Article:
Euro Security Watch with Mathew J. Schwartz

Fraud Management & Cybercrime , Ransomware

BlackCat Claims Hit on Reddit, Threatens Sensitive Data Leak

Group Attempts to Insert Itself in Debate Between Reddit Leadership and Volunteers
BlackCat Claims Hit on Reddit, Threatens Sensitive Data Leak
Reddit CEO Steve Huffman at Web Summit 2017 in Lisbon (Source: Flickr/CC)

Ransomware-wielding extortionists love to kick nonpaying victims when they're already down, in the hopes it will drive them to pay a ransom - or at least bolster criminals' notoriety.


Enter the BlackCat ransomware group, which on Saturday claimed via its data leak site to have stolen 80 gigabytes of data from privately held Reddit on Feb. 5. The Russian-language group, which spun off from Conti, is demanding $4.5 million "in exchange for the deletion of the data and our silence." The criminals claimed to have sent their ransom demands to Reddit on April 13 and again on Friday.

Ransomware experts have long urged victims to never pay a ransom for anything intangible, such as promises to delete stolen data, saying there is no proof criminals have ever honored such a promise.

Reddit, which reports over 500 million monthly global visitors to its more than 100,000 active communities, appears to have no intention of paying. "We are very confident that Reddit will not pay any money for their data," BlackCat said. "But I am very happy to know that the public will be able to read about all the statistics they track about their users and all the interesting confidential data we took. Did you know they also silently censor users? Along with artifacts from their GitHub!"

Reddit disclosed the February attack for which BlackCat has claimed credit, saying at the time that a flurry of phishing messages tricked one of its employees into entering their credentials into a look-alike site. As a result, Reddit said, "the attacker gained access to some internal docs, code, as well as some internal dashboards and business systems."

API Changes Anger Volunteers

The ransomware group on Saturday updated its demand, threatening to publish the stolen data unless Reddit pays it a ransom and rolls back pricing changes set to soon come into effect.

BlackCat is trying to insert itself into a controversy that has erupted between Reddit and many of its key volunteers. In April, Reddit announced that while "fair use" access will remain free, "we are introducing premium access for third parties who require additional capabilities, higher usage limits and broader usage rights." Changes set to take effect July 1 will allow third parties to make up to 100 queries per minute with an OAuth client ID or 10 queries per minute without one, which it says applies to 90% of apps that work with Reddit. Otherwise, Reddit will charge $0.24 per 1,000 API calls.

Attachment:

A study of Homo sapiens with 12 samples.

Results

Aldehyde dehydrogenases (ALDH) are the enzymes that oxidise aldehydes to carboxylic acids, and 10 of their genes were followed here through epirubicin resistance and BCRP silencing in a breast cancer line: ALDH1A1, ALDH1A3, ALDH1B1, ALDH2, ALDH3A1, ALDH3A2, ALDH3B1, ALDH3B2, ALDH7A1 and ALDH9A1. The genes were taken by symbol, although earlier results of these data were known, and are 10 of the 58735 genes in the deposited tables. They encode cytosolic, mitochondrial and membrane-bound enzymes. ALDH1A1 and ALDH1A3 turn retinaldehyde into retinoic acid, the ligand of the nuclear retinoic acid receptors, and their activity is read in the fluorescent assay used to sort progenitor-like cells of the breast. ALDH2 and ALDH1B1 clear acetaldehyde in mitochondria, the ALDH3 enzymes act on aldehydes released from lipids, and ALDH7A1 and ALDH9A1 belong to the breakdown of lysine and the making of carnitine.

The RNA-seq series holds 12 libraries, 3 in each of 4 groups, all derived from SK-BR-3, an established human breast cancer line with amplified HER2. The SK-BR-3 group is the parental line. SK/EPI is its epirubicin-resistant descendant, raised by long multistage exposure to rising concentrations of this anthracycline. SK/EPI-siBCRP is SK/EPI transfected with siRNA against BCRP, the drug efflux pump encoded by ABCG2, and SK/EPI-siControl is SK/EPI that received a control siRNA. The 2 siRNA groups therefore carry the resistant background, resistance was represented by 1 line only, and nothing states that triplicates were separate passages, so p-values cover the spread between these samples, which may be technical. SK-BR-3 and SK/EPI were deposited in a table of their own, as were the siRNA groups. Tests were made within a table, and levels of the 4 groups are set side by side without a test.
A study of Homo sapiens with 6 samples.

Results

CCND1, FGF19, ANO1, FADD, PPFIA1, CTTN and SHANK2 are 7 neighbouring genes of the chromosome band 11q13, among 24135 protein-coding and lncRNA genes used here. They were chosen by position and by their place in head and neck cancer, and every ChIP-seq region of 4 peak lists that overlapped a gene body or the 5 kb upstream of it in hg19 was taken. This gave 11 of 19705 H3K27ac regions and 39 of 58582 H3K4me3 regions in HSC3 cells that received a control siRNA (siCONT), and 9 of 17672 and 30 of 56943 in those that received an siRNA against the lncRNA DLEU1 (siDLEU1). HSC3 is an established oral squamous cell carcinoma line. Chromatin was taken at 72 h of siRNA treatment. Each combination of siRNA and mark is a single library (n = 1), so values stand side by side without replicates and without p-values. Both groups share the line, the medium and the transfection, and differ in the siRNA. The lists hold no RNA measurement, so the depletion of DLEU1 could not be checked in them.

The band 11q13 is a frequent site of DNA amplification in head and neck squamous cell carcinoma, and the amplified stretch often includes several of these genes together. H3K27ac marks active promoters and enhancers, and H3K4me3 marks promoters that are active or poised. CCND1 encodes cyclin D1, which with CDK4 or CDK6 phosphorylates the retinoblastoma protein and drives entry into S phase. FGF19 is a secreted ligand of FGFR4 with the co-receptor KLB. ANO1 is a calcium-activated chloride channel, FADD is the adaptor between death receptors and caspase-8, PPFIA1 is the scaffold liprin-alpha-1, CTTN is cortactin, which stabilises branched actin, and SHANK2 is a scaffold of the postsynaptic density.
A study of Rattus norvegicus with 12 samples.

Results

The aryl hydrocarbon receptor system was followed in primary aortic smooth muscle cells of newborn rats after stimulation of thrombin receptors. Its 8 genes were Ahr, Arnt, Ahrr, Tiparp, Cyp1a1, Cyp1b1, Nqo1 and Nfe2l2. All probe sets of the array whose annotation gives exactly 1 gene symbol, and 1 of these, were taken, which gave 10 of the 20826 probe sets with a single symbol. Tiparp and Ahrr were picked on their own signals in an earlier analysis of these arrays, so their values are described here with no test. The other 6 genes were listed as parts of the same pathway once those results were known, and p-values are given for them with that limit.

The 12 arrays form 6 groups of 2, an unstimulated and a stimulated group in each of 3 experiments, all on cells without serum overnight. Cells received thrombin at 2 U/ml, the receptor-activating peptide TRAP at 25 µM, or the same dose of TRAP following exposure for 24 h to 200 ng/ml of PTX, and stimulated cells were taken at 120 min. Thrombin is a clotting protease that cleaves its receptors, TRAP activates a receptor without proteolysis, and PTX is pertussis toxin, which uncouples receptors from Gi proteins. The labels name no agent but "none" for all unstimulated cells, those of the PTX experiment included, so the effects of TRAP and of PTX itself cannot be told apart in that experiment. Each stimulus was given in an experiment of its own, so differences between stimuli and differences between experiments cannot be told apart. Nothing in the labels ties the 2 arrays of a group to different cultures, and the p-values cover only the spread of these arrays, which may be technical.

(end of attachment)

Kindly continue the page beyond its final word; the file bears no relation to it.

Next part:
Company officials said the move was necessary in part due to technology giants using Reddit to train large language models they're using to develop artificial intelligence products. New terms and conditions also scheduled to go live July 1 include a prohibition on using Reddit data "to train a machine learning or AI model without the express permission of rightsholders in the applicable user content."

Numerous volunteer moderators and developers for Reddit have denounced the changes, characterizing them as a step too far after years of increasing tensions. Many said the changes would adversely affect some of the thousands of apps the all-volunteer moderators require to do their work and claimed Reddit was prioritizing profit over their needs.

Huffman, aka "Spez," defended the changes in a June 9 "Ask Me Anything" and post. "Reddit needs to be a self-sustaining business, and to do that, we can no longer subsidize commercial entities that require large-scale data use," he said.

Huffman promised exemptions would apply for accessibility tools, as well as some tools used by moderators, including RES, ContextMod and Toolbox, which he said account for about 3% of all moderation activity on Reddit.

Many volunteers responded that the proposed changes remain unfair. In protest, numerous moderators last week temporarily made thousands of Reddit pages go dark, returning "restricted" or "private" error messages when users attempted to access them. Huffman said the company won't negotiate on the pricing changes, and the company appears to be exploring restoring the darkened forums and replacing moderators who won't play ball.

Clearly, Reddit's leadership is trying to find a way to turn a profit without alienating the website's many volunteers. Such moves of course carry risk. Twitter is now worth one-third of the $44 billion its controversial CEO Elon Musk paid for it, demonstrating how easily once-thriving communities can fracture due to untrustworthy leadership.

The ransomware attack by BlackCat and threatened data leak don't change the parameters of the debate raging at Reddit. Criminals' attempt to turn the controversy to their own ends appears likely to have no real impact. Reddit and its users have bigger fish to fry as the company pursues its IPO.

About the Author

Mathew J. Schwartz

Mathew J. Schwartz

Executive Editor, DataBreachToday & Europe, ISMG

Schwartz is an award-winning journalist with two decades of experience in magazines, newspapers and electronic media. He has covered the information security and privacy sector throughout his career. Before joining Information Security Media Group in 2014, where he now serves as the executive editor, DataBreachToday and for European news coverage, Schwartz was the information security beat reporter for InformationWeek and a frequent contributor to DarkReading, among other publications. He lives in Scotland.